Classroom Management: Deep Reading vs. Light Reading

Not all reading is created equal, we learn in today’s centerpiece article on Although kids read lots every day, be it texts, video game instructions, or even electronic device instructional materials, how does that compare to the classic reading material supplied by the likes of Plato, Shakespeare, and Hawthorne?

In a true “Think piece,” frequent contributing writer Jordan Catapano, who is a seasoned high school English teacher based in the Chicago suburbs, takes a look at how and why we can get students to “Deep read.”

Jordan spells out the differences between deep and light reading:

Deep reading -- offers complex language, and sophisticated information embedded within that language. It makes us read slowly and concentrate on what is being communicated.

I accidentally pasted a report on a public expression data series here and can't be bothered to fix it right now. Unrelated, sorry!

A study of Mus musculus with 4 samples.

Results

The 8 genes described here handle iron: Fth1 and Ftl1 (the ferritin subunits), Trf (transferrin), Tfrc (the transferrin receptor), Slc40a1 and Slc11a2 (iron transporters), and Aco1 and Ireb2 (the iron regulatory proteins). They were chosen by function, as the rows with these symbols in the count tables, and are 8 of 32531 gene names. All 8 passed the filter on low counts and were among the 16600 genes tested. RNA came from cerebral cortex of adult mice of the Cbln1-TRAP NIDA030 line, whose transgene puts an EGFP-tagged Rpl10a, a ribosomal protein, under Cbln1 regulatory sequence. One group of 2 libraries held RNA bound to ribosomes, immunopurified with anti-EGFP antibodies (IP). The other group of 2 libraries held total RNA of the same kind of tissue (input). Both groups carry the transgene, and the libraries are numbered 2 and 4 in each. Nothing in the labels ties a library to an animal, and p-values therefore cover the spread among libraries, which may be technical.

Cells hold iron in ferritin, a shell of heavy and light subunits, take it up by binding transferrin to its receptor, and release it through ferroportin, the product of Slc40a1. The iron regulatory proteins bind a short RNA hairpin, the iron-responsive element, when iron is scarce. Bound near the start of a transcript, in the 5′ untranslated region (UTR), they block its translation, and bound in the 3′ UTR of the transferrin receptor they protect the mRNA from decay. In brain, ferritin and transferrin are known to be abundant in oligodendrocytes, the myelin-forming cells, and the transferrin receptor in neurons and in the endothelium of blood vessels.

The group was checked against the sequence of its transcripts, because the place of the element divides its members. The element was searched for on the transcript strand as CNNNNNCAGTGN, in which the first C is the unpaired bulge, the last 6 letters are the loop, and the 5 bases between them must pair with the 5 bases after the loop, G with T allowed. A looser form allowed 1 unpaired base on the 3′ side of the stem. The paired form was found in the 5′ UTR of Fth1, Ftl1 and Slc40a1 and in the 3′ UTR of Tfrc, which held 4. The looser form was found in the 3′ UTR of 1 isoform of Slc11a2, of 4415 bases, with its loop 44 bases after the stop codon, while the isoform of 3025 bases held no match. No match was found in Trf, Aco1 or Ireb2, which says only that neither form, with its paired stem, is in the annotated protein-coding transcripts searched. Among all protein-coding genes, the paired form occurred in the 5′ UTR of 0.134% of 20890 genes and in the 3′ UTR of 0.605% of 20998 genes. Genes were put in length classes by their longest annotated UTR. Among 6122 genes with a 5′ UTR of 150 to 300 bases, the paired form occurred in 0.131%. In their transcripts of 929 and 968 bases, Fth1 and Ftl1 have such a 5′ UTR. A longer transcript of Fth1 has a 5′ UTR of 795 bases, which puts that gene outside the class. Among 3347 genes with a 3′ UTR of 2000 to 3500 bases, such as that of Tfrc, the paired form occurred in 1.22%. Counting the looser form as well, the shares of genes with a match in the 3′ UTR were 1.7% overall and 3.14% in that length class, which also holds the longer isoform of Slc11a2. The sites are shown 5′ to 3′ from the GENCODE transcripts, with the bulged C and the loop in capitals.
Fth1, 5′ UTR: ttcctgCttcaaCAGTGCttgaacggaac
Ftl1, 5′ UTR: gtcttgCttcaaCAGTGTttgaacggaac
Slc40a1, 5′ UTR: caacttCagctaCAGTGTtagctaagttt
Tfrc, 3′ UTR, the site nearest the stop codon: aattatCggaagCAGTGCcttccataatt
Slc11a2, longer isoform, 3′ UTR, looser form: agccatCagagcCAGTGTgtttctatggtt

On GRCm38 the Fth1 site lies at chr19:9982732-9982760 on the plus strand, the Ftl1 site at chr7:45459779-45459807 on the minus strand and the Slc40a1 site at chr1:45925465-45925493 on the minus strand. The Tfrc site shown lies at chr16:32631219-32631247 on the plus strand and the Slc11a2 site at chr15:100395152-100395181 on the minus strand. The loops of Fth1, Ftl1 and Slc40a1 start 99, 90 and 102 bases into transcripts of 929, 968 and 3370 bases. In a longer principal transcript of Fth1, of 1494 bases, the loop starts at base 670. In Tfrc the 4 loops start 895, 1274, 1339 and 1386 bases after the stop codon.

Light reading -- lacks genuine voice, meaning, and thought.

Jordan sums up his article in this fashion: “We should help our students love reading, but we should also help them love growing as well. This means that our approach to teaching reading takes on two distinct elements. At times we should encourage students to find something – anything – they enjoy reading and make time to read it. There are distinct advantages to pleasure reading we should not discount. At the same time, we should lead students to texts that – although they might have selected for themselves – will help them engage in the complex cognitive tasks that offer long term strength to their minds. Ralph Waldo Emerson, the American essayist and philosopher, once said, “I cannot remember the books that I’ve read any more than the meals I have eaten; even so, they have made me.” The saying “You are what you eat” is true, but we also want to teach our students “You are what you read” as well.”

How do you use classroom management to help your students engage in deep reading and light reading? How do you talk to them about different reading tasks? Tell us your thoughts in the comment section!